A Cowichan Valley group made up of everyone from local politicians to the RCMP and Island Health has come together to request provincial help to address what it calls the region’s addiction and homelessness crisis.

A Cowichan Valley group made up of everyone from local politicians to the RCMP and Island Health has come together to request provincial help to address what it calls the region’s addiction and homelessness crisis.

The Cowichan Leadership Group has been working on a comprehensive plan to address the issues for more than a year.

In that time, the crisis has only escalated, said Cowichan Valley school board chairwoman Candace Spilsbury. “The concern, anger, frustration and feelings of hopelessness by community members have escalated at the same pace,” she said.

In a letter sent to 10 provincial ministries, the group says overdoses are on the rise, they’re concerned for the safety of residents and front-line workers, and the local RCMP is overwhelmed.

Duncan Mayor Michelle Staples said the issue affects everyone in the community, from vulnerable residents sleeping and using drugs on the streets to businesses dealing with petty theft and residents feeling unsafe.

The region has a team of people who go out in the morning to wake people who are sleeping in front of businesses and ask them to move.

“But where do they go?” Staples said.

“If people are using [drugs] on the street and the bylaw officer says: ‘You can’t do that here,’ where is that person going to go? They don’t have a home. They don’t have a place to go.”

At the same time, business owners should be able to open their doors in the morning without having to move people, she said.

Staples said she has helped to respond to an overdose near her own office, adding it’s not an uncommon experience.

The group is asking for $14 million over five years to create four temporary residential treatment centres and provide a safe-drug supply, among other measures.

“The RCMP is inundated with calls for service and is overburdened with the investigative requirements of a judicial system that isn’t able to adequately contain drug offenders,” the group wrote in its request for funding.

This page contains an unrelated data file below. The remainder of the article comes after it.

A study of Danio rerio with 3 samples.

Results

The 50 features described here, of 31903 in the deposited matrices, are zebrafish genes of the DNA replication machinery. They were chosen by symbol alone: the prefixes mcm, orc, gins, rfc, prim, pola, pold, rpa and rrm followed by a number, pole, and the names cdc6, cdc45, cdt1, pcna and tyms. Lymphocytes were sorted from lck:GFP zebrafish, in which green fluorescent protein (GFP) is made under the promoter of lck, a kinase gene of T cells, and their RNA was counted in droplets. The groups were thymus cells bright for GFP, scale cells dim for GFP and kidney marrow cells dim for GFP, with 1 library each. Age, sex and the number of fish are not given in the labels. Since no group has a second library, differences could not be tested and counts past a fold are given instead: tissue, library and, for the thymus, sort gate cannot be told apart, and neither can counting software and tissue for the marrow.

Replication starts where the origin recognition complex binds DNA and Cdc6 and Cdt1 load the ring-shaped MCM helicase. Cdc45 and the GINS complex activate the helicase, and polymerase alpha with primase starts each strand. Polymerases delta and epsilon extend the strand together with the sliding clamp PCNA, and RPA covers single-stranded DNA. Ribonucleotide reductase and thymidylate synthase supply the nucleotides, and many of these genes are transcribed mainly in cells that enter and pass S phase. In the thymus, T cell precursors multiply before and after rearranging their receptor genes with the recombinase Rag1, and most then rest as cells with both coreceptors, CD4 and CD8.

The leadership group is made up of the mayors of Duncan, North Cowichan and Lake Cowichan, Cowichan Tribes Chief William Seymour, Cowichan Valley Regional District chair Aaron Stone, MLA Sonia Furstenau, MP Alistair MacGregor, school board chair Spilsbury, Dr. Shannon Waters of Island Health and RCMP Insp. Chris Bear.

Although the overdose-prevention site has helped to decrease the number of overdose deaths, the group says the small community is struggling to provide the harm-reduction services needed. The local prevention site recorded 170 overdoses in the fiscal year 2018-2019, and averaged more than 600 weekly visits over the past three months.

“We are a smaller centre dealing with numbers of people seeking services for harm reduction and addiction that no one expected,” the group said in its letter.

Its strategy focuses on removing the fentanyl-tainted illicit drug supply and creating a recovery environment, with the hope of addressing addiction and crime in the community.

In October, Minister of Mental Health and Addictions Judy Darcy visited the region and heard the group’s proposal for funding, but the ministry rejected the request. Darcy said in an interview that the government recognizes there is a crisis in the Cowichan Valley and across the province, and is working to provide resources that will alleviate the problems.

“We’re not always able to say yes to every project proposal that comes to us, but we are committed to working with the community to meet the needs that have been identified,” Darcy said.

She said her ministry will have an update soon on additional supports in the Cowichan Valley related to increased access to treatment options, but couldn’t specify what or when it would be.

“I can’t say to you if it’s weeks or months, but it will be coming soon. It’s not very far off,” Darcy said.

The province has invested money in a number of initiatives in the region, including increasing the availability of affordable counselling for trauma and substance-use and expanding same-day walk-in mental-health and addictions counselling in Duncan, Darcy said.

Staples said she understands the government is putting money into prevention measures, but the community needs help now. “Prevention is something that will help for the future. We need help right now for what’s happening,” she said.